Build a VC++ library that is not COM

TongZ
TongZ used Ask the Experts™
     I have a VC++ project that is currently a COM library that is being used by another VB.NET project. Apparently, COM is a headache in terms of version and registration. So I am going to build it into a non-Com library that doesn't require register. My questions are below:

    1.  I am using MS VC++ 2005 pro compiler. I made a new project that is CLR+class Library. I plan to add codes from the original project into this new one in the hope of starting a clean new project that is .NET managed DLL (so it is not com), is this a viable way to do it?

    2. right after I created the project, I did a compile, it gives this error:
fatal error C1189: #error: Building MFC application with /MD[d] (CRT dll version) requires MFC shared dll version. Please #define _AFXDLL or do not use /MD[d]

    Any suggestions, please.
    Thanks.

Commented:
I hope you realise that C++ .NET is NOT the same programming language as MFC / C++.  They might have similar names and look similar.
What you are attempting is not a matter of a few minutes work of copying/pasting, you will have a lot of recoding to do.   Having said that please do not take it as any indication that what you are doing is not reasonable, it may well be your best option.

Author

Commented:
I just noticed that my post got into this domain of MS Access, should I be reposting to another section or something?

BTW, AndyAinscow, thanks for the headsup on this. I don't really need MFC, but I don't know how to make the compile to not use [md]
AndyAinscowFreelance programmer / Consultant

Commented:
It isn't just MFC, that is a wrapper for a lot of window specific things in C++ - which is not .net.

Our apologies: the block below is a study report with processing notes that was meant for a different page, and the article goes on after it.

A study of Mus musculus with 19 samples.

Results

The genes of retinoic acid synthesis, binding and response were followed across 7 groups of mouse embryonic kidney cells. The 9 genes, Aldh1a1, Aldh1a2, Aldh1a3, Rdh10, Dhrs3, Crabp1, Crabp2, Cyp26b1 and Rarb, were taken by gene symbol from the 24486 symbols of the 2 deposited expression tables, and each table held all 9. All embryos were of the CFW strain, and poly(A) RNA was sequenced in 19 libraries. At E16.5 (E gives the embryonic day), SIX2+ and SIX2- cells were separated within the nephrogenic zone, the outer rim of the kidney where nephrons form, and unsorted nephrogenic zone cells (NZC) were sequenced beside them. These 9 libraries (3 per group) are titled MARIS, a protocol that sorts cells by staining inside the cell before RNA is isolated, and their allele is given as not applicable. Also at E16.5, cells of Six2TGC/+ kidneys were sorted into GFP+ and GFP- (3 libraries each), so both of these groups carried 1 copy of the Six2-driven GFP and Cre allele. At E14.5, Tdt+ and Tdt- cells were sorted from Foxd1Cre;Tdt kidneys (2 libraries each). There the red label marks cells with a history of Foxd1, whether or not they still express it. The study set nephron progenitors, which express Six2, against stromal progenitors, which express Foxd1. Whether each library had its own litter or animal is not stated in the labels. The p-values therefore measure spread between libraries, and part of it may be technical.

2. right after I  created the project, I did a compile, it gives this error:fatal  error C1189: #error: Building MFC application

If you do not require MFC then start again with a new project and do not select an MFC based project.

I just did the same not long ago.

Your best option is to start a clean .NET project and use a design based on your COM classes.  Then reimplement as you go in .NET.

Just dumping the old code into the project will give you lots of compiler headaches etc.  It is much better to keep the COM code as a reference and use it to implement a pure .NET version.

Author

Commented:
Hey guys,

Author

Commented:
Hey guys,
      I started a new VC++ project as CLR then as a class library. Selecting CLR is supposed to be a .NET flavor project, right? So I am gradually adding original code into this project while taking care to get rid of the callback functions that passing objects etc. Would like to get some confirmation that this would work to create a non-COM VC++ DLL that can be called directly through declaration in a VB.net project.
      Thanks.
It sounds like you are on the right track
AndyAinscowFreelance programmer / Consultant

Commented:
Yes.
clr means common runtime language  which is the .net environment.
A  .net class should be language independant, ie. written in C++.net and used by VB.net shouldn't be a problem

Author

Commented:
I would like to award 50 points each to:

AndyAinscow and HalfAsleep

Their combined comments gave me the full picture.

I consider this question resolved.
AndyAinscowFreelance programmer / Consultant

Commented:
Click on the 'split' link next to the comments and select the comments to give the points to - you are expected to close the questions yourself.

Author

Commented:
This is a categorical question, so both AndyAinscow and HalfAsleep provided information that contribute to the overall understanding of the subject.